Noah-gate: Lessons learned from Cell C’s controversial ad campaign

There has already been reams written about the new Cell C campaign, including a whole raft of my own thoughts on the campaign. I wanted to step back and pull it all together after the ad campaign that launched and to look at what lessons can be learned from this whole saga.

If you’ve missed it all, then let me recap. South Africa’s third mobile network operator, Cell C, embarked on a new marketing campaign by creating a fairytale story about how Mr. Lars Reichelt, CEO of Cell C, was so distressed about a comedy skit uploaded on YouTube by comedian Trevor Noah that within days he appointed him as the new Customer Experience Officer, built a website, changed the logo and launched a massive media campaign.


Meanwhile, this is a pulling together of my thoughts:

    1. The media landscape has changed. Customers are connected and vocal. Jay Rosen calls them the “Former Audience” because they have the power to generate as well as consume content. They are active participants in the branding process.
    2. I don’t think that the internet is a channel. The internet changed marketing because it changed how people behave, how they find stuff out, how they interact with each other, how they form opinions.
    3. The first step in new marketing is listening. Listening to what the customers are saying and responding with solutions that add to their experience, as well as with honesty and in an attempt to build relationships based on trust.
    4. The second step is to build an experience for your customer, an experience that they will value and tell their friends about, in other words, build brand fans.
    5. The principle underlying marketing in an “always on/always connected” world is that the customers have control. This could be described as a democratisation of marketing, because in this world your communication is a discussion and not a lecture. Brands can no longer tell customers what they should believe and with enough media spend, shout at them until they believe.
    6. New marketing is really about preparing the environment for the idea (which is what a brand is) to spread. Just like a farmer prepares the field creating the right environment for the crops to grow, the marketer must nurture the brand in a partnership with its fans.

With these thoughts in mind, how has Cell C done?

If you are going to poke the sleeping bear with a pointed stick you had better have a well thought out plan, because it may wake up. The core of this relates to the customer’s experience.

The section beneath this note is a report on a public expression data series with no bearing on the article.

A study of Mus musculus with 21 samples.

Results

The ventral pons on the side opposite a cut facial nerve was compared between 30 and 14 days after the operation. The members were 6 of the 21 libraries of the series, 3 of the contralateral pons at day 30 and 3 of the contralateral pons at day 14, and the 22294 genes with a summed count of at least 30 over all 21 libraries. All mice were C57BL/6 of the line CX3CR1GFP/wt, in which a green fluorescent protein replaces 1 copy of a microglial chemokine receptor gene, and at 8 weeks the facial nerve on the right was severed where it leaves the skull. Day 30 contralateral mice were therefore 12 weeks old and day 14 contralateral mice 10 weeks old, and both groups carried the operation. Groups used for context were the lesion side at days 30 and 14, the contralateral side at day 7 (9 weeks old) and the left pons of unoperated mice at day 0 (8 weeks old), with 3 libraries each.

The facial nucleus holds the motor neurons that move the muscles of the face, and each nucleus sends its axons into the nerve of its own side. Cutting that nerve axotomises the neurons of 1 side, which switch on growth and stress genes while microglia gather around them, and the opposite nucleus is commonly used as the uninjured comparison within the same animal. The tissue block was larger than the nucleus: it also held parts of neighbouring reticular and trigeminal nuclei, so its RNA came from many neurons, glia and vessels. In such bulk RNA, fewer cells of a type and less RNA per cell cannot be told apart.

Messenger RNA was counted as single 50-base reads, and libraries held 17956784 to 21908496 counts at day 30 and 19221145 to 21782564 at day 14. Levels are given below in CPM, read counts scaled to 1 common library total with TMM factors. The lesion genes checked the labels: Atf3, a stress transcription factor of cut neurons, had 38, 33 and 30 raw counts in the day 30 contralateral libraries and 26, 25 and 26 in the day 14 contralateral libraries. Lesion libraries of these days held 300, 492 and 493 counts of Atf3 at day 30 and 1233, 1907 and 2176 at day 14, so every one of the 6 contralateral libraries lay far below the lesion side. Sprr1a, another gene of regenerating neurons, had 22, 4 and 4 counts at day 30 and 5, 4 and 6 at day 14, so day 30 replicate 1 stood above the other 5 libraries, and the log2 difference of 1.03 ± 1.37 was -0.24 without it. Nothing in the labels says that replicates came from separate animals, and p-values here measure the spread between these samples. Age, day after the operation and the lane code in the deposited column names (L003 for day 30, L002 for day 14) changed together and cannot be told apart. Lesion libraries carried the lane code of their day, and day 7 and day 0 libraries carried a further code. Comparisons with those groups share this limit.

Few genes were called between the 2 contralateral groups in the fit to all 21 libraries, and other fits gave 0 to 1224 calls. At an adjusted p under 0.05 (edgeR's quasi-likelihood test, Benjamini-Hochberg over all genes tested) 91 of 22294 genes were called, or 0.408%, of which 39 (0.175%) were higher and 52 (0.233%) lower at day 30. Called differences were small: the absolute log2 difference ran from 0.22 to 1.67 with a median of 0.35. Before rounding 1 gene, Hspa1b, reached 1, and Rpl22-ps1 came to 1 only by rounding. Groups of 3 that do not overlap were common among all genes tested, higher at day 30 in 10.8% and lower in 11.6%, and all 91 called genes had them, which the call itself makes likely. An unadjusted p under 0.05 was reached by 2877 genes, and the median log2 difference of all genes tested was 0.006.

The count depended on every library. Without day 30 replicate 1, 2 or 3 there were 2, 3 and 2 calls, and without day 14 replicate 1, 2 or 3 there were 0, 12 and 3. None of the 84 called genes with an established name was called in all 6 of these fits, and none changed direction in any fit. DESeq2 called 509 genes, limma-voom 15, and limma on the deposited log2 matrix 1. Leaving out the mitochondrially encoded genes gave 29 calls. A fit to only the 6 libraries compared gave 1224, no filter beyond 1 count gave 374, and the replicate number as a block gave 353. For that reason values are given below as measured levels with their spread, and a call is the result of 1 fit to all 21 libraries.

• Does Cell C have a demonstrably better network than either Vodacom or MTN?
    • Does Cell C have demonstrably better customer service?
    • If not, then they have set themselves up for a very bloody nose?
    • If you want to have a relationship with your customers, the foundation of that relationship is trust. So is it a good idea to try pulling a stunt and spinning a yarn? Is it a good idea to pretend that a new independent customer service system had been set up? And why would I want to “tell Trevor” instead of Cell C?


    • You don’t try to hoodwink your customer, even if you think its funny. Don’t make a fool of him, especially if your intention is to make him a hero.
    • Once you start a relationship with subterfuge it taints the rest of the relationship.
    • Customer service is a company culture thing. Pretending to outsource customer service to a comedian with no record as a consumer champion is bizarre.
    • Is appointing a comedian as your customer experience officer just a message to tell everyone that your customer service is a joke.
    • Cell C has launched a new logo – but their TV ads still carry the old logo, that is just sloppy, and a message in itself.

What I would suggest:

    • Cell C gets its network and outlets working, and makes sure that the customers are getting a superior experience.
    • Your customers don’t care how good you say you are, they care about their cell phone service.
    • Develop the tools to let your customers tell the rest of us about it. Because they are going to do it anyway.
    • Then go on and invite the rest of us in to join the conversation, using all media at our disposal.

I am reminded of an article I read in the Huffington Post called “The dark side of vitaminwater.”
It reveals that Coke’s legal team is defending a consumer protection lawsuit claiming that Coke has misled its customers into believing that vitamin water is healthy, with the argument that “no consumer could reasonably be misled into thinking vitamin water was a healthy beverage.” What twisted logic! Is Cell C under the illusion that they can treat their customers the same way and follow the same kind of strategy and employ the same kind of defence if they get called out.

The fairytale is just a fairytale and we now know that. But there is a very positive element. The CEO of Cell C himself has commented personally (we presume) on some of the blogs. Is this an indication that Cell C is indeed committed to engagement and is taking the opinions of the community into account? Mr Reichelt, I will, as you suggested in your comment on my story, “wait and see”, because I would love you to be successful. South Africa desperately needs mobile operators that deliver quality because right now, as Trevor Noah’s original YouTube stated, all our service operators suck.